Just before 8pm Friday evening, Parliament Hill was empty. For a preciously surreal moment, as I walked toward the Peace Tower, I seemed to be the only one there.
Before the great clock had begun to chime eight, the moment had passed. There was no great announcement, no pomp, no circumstance, no cheers, no lineups, no rush. Parliament Hill was merely suddenly open again. The gates were clear, the barriers removed. The people began to come in.
People snapped pictures. People gathered near the Centennial Flame. A father had his two kids pose in front of it for a photo. Two men carried in tripods to setup their cameras. A few people wandered up the interlocking stones toward Centre Block. By 8:04pm, in the lamp-lit dark, there were maybe two dozen people, and only a few police officers in sight.
A man sat on the edge of the monument that encircles the flame and posed for a photo. Two men and two women arrived carrying food in styrofoam containers, walked onto the west lawn and sat down to eat. A man and a woman took a seat on the east lawn. A couple walked hand in hand up to the flame. A man leaned against one of the lamp posts that lights the way to the Peace Tower. A couple kissed. Someone had brought a dog. Save for myself and a pair of colleagues from the magazine, there were not obviously any other reporters for the hour I was there. (I thought perhaps I’d not gotten a memo.) The crowd maybe never grew larger than a few dozen. People came and went. At times the only sounds were the lapping of water around the flame and the bustle of traffic along Wellington Street. It was quiet and peaceful and a kind of perfect.
Strollers were pushed. A little girl chased her father around. Five dudes took a seat around the flame to eat what one assumes was poutine—”poutinefest” was being held down on Sparks Street. A man on rollerblades, with flashing red lights attached to his elbows, glided along the crescent that takes you from East Block to Centre Block and past the West Block construction zone. A possibly troubled woman wandered through yelling out to everyone and no one in particular, police officers emerging to keep a careful watch.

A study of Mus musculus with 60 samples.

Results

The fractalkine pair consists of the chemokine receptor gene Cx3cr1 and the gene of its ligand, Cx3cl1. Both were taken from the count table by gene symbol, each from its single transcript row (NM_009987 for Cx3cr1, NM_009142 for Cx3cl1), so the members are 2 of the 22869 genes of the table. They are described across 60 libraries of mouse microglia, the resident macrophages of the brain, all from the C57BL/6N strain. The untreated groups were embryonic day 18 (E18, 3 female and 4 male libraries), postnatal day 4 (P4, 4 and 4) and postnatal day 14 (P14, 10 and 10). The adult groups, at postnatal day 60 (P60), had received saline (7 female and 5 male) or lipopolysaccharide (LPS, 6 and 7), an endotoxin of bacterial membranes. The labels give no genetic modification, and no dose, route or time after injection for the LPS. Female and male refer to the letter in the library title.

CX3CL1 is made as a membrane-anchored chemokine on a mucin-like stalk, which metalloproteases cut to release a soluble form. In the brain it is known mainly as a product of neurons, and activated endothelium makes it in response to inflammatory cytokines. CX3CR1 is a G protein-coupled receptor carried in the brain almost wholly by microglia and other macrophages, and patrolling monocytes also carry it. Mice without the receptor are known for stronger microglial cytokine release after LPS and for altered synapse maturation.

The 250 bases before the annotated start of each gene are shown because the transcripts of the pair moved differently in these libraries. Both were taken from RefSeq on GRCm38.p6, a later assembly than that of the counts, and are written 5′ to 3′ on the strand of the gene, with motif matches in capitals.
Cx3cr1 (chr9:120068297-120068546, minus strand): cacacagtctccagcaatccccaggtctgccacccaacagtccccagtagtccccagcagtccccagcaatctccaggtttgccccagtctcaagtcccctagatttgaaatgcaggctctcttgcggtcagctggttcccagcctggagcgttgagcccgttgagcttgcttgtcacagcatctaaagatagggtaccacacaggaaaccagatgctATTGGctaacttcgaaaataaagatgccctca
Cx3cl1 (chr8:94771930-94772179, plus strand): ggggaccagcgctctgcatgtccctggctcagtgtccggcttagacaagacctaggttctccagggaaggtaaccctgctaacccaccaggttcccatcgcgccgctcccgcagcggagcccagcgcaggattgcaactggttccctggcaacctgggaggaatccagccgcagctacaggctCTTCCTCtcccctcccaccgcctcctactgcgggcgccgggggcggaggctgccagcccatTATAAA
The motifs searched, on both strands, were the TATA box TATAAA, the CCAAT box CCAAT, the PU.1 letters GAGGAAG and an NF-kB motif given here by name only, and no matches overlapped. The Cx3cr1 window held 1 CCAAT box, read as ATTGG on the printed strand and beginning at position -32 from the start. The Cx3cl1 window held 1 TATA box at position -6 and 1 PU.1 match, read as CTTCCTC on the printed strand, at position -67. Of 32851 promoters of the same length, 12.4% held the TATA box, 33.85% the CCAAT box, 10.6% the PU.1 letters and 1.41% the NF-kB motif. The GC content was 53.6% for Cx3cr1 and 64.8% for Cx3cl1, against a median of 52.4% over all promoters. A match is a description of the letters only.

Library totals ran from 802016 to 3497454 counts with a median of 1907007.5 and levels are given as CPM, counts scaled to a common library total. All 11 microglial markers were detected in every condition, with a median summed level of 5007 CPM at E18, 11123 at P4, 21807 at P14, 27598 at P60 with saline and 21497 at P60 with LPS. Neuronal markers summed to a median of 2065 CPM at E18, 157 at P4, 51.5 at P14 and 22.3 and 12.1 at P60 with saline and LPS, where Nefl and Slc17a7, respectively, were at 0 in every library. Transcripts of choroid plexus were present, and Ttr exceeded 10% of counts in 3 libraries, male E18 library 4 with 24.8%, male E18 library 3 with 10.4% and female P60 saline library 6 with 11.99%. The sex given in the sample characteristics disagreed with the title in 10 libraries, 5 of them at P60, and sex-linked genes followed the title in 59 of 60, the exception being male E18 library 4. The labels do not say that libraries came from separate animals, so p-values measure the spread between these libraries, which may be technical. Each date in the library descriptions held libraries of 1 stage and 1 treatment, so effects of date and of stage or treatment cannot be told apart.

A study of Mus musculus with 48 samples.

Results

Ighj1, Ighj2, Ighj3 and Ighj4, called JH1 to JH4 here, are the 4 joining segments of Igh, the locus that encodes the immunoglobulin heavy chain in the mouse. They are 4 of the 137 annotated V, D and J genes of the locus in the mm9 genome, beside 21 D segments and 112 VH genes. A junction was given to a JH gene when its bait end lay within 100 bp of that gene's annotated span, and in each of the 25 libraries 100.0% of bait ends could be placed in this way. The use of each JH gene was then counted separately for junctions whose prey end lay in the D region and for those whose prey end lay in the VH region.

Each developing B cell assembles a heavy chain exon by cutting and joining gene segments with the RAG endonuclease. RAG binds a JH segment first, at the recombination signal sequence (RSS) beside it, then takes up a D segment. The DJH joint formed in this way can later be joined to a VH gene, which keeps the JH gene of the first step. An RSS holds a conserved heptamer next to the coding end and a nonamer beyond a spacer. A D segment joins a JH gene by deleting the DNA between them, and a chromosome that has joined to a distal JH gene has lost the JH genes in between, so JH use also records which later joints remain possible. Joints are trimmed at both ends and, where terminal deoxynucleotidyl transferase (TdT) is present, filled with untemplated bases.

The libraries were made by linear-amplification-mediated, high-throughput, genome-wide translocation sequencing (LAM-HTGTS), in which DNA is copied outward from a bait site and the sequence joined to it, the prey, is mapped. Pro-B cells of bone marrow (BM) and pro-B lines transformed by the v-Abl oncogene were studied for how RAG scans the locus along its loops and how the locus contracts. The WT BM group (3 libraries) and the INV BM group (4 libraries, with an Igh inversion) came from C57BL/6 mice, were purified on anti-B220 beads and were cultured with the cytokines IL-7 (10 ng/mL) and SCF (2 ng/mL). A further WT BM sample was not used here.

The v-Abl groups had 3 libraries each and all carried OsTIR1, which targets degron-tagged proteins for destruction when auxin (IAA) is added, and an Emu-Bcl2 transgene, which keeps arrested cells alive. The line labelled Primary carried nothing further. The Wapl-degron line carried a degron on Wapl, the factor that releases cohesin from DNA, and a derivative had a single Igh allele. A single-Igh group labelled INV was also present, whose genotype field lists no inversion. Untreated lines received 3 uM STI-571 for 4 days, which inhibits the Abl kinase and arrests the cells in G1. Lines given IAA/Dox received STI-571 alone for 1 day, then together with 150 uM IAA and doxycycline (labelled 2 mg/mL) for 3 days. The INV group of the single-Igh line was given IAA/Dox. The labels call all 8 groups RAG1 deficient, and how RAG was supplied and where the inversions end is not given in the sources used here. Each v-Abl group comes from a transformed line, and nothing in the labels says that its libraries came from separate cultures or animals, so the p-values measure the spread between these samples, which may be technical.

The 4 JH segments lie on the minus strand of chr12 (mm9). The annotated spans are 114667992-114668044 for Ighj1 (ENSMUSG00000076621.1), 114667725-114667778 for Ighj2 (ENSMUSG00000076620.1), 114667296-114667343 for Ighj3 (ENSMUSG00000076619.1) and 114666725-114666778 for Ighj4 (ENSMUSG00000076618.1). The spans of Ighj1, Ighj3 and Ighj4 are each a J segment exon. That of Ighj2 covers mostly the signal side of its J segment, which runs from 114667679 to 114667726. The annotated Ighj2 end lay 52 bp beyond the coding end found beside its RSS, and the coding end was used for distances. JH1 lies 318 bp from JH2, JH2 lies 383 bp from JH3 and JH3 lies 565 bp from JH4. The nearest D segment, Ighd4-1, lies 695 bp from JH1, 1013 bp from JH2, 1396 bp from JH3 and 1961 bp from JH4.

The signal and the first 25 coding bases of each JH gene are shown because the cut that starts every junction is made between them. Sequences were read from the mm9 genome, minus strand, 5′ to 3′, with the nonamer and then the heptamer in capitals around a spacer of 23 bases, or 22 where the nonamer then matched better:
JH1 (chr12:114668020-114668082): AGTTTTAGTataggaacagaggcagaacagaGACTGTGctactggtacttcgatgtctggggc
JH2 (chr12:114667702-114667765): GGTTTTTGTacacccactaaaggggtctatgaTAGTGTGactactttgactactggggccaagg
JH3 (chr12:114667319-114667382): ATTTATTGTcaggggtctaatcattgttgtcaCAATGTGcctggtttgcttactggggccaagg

It perhaps seems odd that we would just open the Hill up again like this. But it was also maybe wonderful enough that you didn’t want to think too hard about the situation.
The splendour of the Hill is possibly not always explicitly tied to what goes on within the walls of its buildings. I don’t imagine anyone thinks of that day’s question period when they’re throwing a frisbee around or daydreams about committee study when laying on the grass. But that the great venue of our federal democracy is a lawn, a park and a backyard for all of us means something. If even for things that have nothing to do with the practice of politics, it is good that we are even momentarily close to the symbol of our democracy and the home of our formal debates.
You could tonight walk right up to the front door, sealed shut as they were. You could stand under the Peace Tower and read the words of John A. Ritchie that are inscribed over your head: “The wholesome sea is at her gates … her gates both east and west.”(I don’t recall the last time I’d noticed those words, but figured I’d note them tonight.) You could stand and its base and look up at the Peace Tower, magnificent and lit up against the night sky—an honour to approach on the way to work and as beautiful a sight as a building could provide. I couldn’t hear it tonight, but when the air is right and the rest is quiet enough, you can sometimes hear, if memory serves, the flag atop the tower rippling against the wind.
We should want this place to be safe, at all times and for everyone. It can’t be forgotten that there are bullet holes in the Hall of Honour. There are bullet holes in the Hall of Honour. I know I’m not feeling entirely secure as I walk around. I know as much as I might want to reach for profundity, I don’t know what it all amounts to. We all will need time to make sure we’re okay. But maybe we should hope that we should, somehow, be able to get this close and be here.